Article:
Mister Monday is Book One of The Keys to the Kingdom series. You may know this author from his earlier books, including Sabriel and Lireal. Nix has won the Aurealis Awards for Best Fantasy Novel, Best Young Adult Novel, and Best Children’s Novel — all in the same year (About the Author). For you budding authors, the Q & A with Garth Nix section is quite interesting. Nix talks about how he would make up stories as a kids and get his friends to help act them out, how he gets ideas for his stories, roughs out the series, and the discipline of writing for set periods each day.
Our hero Arthur is an unlikely asthmatic youngster, in a new middle school, whose real parents died in a disease outbreak. He was adopted by a couple where the mother is a famous disease specialist. On one of his first days at school, the P.E. coach forces him to run cross country, even when Arthur tells him that he was recently in the hospital for his asthma. Arthur collapses and a brother and sister, Ed and Leaf, come to his aid and summon emergency personnel. Leaf will become his ally in one of the future books in the series.
Soon strange things start to happen. Figures dressed in clothes from long ago appear and get Arthur to accept a key which looks like the antique minute hand of a large clock. This sets in motion a string of events where Arthur must escape the dog-faced Fetchers, who also unleash an epidemic, requiring the school and surrounding town to be quarrantined. In the ensuing chase, the school library catches fire. Arthur soon finds himself on a quest to gain the hour hand from Mister Monday in order to be able to return to his time and place to stop the plague.
Things are not what they seem as Arthur enters the Lower House, a surreal world inhabited by the denizens, mortal child captured long ago, and other workers who seem somewhat like angels (but usually not the nice kind). Who can he trust? He joins forces with Suzie Turquoise Blue, an ink filler his age, who doesn’t remember where she came from. Arthur meets a giant who started the creation of our world along with the Architect. Arthur begins to wish he had learned more about mythology and religions as he threads his way through this complex and shifting world.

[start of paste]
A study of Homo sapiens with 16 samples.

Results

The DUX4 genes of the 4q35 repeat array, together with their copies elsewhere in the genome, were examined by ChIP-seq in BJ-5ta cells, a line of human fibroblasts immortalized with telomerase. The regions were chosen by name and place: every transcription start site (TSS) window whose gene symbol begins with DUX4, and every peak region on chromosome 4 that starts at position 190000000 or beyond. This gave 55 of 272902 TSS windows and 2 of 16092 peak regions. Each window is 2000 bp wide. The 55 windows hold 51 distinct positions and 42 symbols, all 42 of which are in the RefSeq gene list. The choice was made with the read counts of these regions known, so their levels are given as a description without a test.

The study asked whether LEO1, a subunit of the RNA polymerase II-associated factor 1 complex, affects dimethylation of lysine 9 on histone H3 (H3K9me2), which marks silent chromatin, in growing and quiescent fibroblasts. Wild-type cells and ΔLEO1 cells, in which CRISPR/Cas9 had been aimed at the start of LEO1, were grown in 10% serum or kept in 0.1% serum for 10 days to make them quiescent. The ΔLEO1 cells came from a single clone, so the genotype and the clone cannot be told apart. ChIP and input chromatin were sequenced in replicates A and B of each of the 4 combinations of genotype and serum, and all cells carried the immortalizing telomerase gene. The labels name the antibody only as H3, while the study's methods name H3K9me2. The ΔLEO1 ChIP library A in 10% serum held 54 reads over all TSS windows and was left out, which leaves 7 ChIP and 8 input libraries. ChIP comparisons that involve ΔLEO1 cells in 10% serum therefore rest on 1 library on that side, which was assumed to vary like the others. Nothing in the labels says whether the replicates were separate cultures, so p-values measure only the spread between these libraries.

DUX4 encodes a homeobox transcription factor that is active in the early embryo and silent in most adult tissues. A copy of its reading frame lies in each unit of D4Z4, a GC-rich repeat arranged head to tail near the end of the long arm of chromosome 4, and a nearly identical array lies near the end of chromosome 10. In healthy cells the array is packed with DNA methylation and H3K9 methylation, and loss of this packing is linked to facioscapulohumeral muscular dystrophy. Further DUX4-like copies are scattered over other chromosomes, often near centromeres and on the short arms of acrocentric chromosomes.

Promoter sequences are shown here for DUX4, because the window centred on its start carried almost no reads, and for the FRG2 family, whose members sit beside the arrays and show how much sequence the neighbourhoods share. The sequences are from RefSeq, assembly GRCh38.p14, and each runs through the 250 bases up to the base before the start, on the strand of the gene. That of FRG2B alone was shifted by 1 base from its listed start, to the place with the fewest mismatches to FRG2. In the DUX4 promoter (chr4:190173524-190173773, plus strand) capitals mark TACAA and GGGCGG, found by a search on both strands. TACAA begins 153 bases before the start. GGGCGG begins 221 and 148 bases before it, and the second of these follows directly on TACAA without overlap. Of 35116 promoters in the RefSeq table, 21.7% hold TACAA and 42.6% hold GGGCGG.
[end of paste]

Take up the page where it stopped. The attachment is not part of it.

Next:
In the Afterward the author discusses how the days of the week got their names, what the Seven Deadly Sins are and how they relate to the books and some other interesting factoids. I am interested in Quest books and as I wrote this review, I made the connection of King Arthur, another quest figure.
This book would be enjoyed equally by boys and girls, probably at least 10 years of age. My daughter picked it up to look at and was immediately drawn in. Some of the images are graphic and stomach turning to me as an adult (people’s eyes being gouged out, knives working their way into your chest) but I remember reading about similar incidents such as blinding the Cyclops in the Odyssey and not being as grossed out by it as a kid. Maybe when you have had more actual blood in your life as an adult, your imagination is more vivid and one has more of a “gut reaction.”
ISBN-13:978-0-439-55123-4, 361 pages, plus an afterward q & a with the author and a preview of Book 2.